Ukrainian forces swept into Kherson, the regional capital of southern Kherson province, over the weekend following Russia's unexpectedly quick, deeply humiliating retreat from the city and all Ukrainian land west of the Dnipro River. They were greeted by cheering, sometimes weeping residents wearing Ukrainian flags and hugging soldiers — and sometimes reporters, as CNN's Nic Robertson discovered. The celebration lasted all weekend.
But Ukrainian authorities also found that Russia had looted and destroyed infrastructure in the city before pulling out, leaving Kherson with no power, heat, water, or cellphone service. "There's a critical lack of water in the city," Roman Holovnya, an adviser to Kherson's mayor, told Ukrainian television. "There's a lack of medicines, there's a lack of bread, because it can't be baked as there's no electricity." He said about a quarter of Kherson's prewar population of 320,000 inhabitants remain in the city.
Ukraine's government is sending stoves and firewood to liberated Kherson, and humanitarian convoys of food and medicine are coming from nearby cities, but Russian soldiers blew up nearly a mile of the electric network, destroyed the TV broadcast tower, and took parts from cellphone towers. "We will restore everything, believe me," Ukrainian President Volodymyr Zelensky said in his Saturday night address. He said about 2,000 mines, tripwires, and unexploded munitions have already been cleared from the region. Ukrainian police arrived in Kherson on Saturday.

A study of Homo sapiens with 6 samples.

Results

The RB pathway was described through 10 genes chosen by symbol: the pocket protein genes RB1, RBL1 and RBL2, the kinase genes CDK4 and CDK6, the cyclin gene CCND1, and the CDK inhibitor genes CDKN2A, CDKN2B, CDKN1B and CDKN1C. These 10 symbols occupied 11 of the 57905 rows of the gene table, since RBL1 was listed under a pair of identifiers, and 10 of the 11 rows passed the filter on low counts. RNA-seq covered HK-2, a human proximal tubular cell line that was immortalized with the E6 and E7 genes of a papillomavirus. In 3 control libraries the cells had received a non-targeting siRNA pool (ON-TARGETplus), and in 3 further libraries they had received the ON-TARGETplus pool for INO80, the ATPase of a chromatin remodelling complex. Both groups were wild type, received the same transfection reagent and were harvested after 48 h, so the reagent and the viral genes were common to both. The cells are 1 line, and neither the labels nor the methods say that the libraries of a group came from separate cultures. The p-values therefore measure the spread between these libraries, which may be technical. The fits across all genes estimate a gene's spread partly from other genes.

Zelensky said Sunday night that investigators have already uncovered more than 400 war crimes in liberated Kherson. "In the Kherson region, the Russian army left behind the same atrocities as in other regions of our country, where it was able to enter," he said. "We will find and bring to justice every murderer. Without a doubt."
The Russians also pillaged the city, stealing fire and utility trucks, washing machines, hundreds of works of art from the Kherson Art Museum, the bones of 18th century Russian general Grigory Potemkin, and seven raccoons, two wolves, peacocks, a llama, and a donkey from the Kherson Zoo, The Washington Post reports. The theft of raccoons provided a moment of dark levity among the other plunder and tragedy.